Thursday, November 2, 2017

Understanding Color in Photography

Title:  Understanding Color in Photography: Using Color, Composition, and Exposure to Create Vivid Photos
Author:  Bryan Peterson and Susana Heide Schellenberg 
Publication Information:  Watson-Guptill. 2017. 144 pages.
ISBN:  0770433111 / 978-0770433116

Book Source:  I received this book through the Blogging for Books program free of cost in exchange for an honest review.

Opening Sentence:  "When I first launched my dream to be a professional photographer back in the 1970s, I began as most did at that time:  by shooting with the less expensive black-and-white films."

Favorite Quote:  "Your photographic vision, which comes from within, is vitally important to your art of image-making. As an artist, you take responsibility for your vision, you own the creative process; the creative process does not own you! Your vision is inside you and is shaped by many factors, not the least of which is your love of color."

A reader's perspective and background is crucial to understanding their review of any book. It is even more crucial in a review of an instructional book such as this one. I am an amateur photographer - a hobbyist. I shoot both with my phone which is always with me and with a larger DSLR camera and lenses whose intricacies I am still exploring.  I work in both color and black and white. My snapshots are of my family; they are more about capturing memories and the moment rather than photographic skill. My favorite subjects for exploring photographic skills are things in nature. One day, of course, my hope is to apply one to the other.

I first explored Bryan Peterson's teaching through online sources. Bryan Peterson is an accomplished photographer and the author of many books and the force behind a photography school. His books have long been resources of photographers looking to learn. This book is no different. Learning to See Creatively explored ideas on really seeing the world around you. This book explores the world of color:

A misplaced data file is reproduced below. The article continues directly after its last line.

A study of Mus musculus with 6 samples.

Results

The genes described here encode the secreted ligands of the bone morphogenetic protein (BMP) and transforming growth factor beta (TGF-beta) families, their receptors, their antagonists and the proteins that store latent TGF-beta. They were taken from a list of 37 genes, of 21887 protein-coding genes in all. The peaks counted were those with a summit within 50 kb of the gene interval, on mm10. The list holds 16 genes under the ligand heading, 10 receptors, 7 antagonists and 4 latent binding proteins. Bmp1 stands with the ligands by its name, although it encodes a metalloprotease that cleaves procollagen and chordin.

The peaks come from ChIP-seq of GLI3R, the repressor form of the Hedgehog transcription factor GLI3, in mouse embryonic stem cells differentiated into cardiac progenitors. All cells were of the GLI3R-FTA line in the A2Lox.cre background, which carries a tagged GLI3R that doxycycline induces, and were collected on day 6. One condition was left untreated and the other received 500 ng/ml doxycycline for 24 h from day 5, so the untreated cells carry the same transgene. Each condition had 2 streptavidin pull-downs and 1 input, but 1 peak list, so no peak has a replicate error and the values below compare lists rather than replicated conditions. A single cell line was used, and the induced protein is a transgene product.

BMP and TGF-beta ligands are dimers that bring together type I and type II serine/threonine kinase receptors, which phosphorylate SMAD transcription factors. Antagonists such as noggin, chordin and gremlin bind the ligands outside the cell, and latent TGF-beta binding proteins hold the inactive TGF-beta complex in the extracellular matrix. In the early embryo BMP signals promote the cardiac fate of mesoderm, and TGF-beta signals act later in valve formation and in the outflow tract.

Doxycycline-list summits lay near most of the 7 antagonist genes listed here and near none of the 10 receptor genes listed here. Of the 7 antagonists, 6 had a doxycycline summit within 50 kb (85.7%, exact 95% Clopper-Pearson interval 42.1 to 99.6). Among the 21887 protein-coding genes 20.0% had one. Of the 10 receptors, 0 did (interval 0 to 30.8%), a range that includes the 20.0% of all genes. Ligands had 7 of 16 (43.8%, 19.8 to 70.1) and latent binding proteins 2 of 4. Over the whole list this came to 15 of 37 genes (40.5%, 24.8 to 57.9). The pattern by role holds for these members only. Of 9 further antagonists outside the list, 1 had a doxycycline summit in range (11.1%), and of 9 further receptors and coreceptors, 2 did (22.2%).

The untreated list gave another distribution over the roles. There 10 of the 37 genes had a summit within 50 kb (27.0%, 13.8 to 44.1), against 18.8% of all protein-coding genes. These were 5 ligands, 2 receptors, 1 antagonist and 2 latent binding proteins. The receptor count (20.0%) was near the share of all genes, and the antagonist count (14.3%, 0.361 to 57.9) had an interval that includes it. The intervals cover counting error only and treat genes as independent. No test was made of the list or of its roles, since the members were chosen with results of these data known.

• evaluating the interplay between light, exposure, and color
  • using color in composition through ideas such as complementary vs. analogous vs. monochromatic colors, the weight of colors, and the color wheel.
  • understanding the psychology of color and using those ides for impact in photographs
  • using tools to enhance colors
Clearly, any book such as this one presents the author's philosophy on the subject. For example, the section on tools to enhance colors are relatively short and at the end of the book. Both the section on filters and photo editing begin with a statement that the author is not a fan of using tool. He does use them, but the preference is not to.

This book is not for the complete novice. It assumes an understanding of the terminology of photography - f-stop, ISO, white balance, shutter speed, and so on. However, it is also not equipment dependent. The ideas in the book can be used whether you have a camera which adjusts for all these settings or a point and shoot with automatic settings. The writing style of the book is also like a personal narrative or conversation (lots of you... and I....), making it more accessible to readers.

This book is both instruction manual and a spring board for inspiration. The setup of the sections is similar - text embedded in a multitude of photographs with each photograph specifying the technical setup of the shot and the story behind the shot. The full color photographs, of course, make this book. Just flipping through the book creates a rainbow of images to enjoy. The photographs are from around the world, but the subject matter is ordinary enough to be found in your own neighborhood - an orange, a street vendor, a bird, leaves, paint brushes, a match and its flame, for example. The key is not have great vistas to photograph but learning to seeing the beauty in the ordinary.

That perhaps is my favorite aspect of Bryan Peterson's books. He makes beautiful photography approachable and achievable. Putting it into play, of course, takes practice, but the inspiration is invaluable.

Please share your thoughts and leave a comment. I would love to "talk" to you.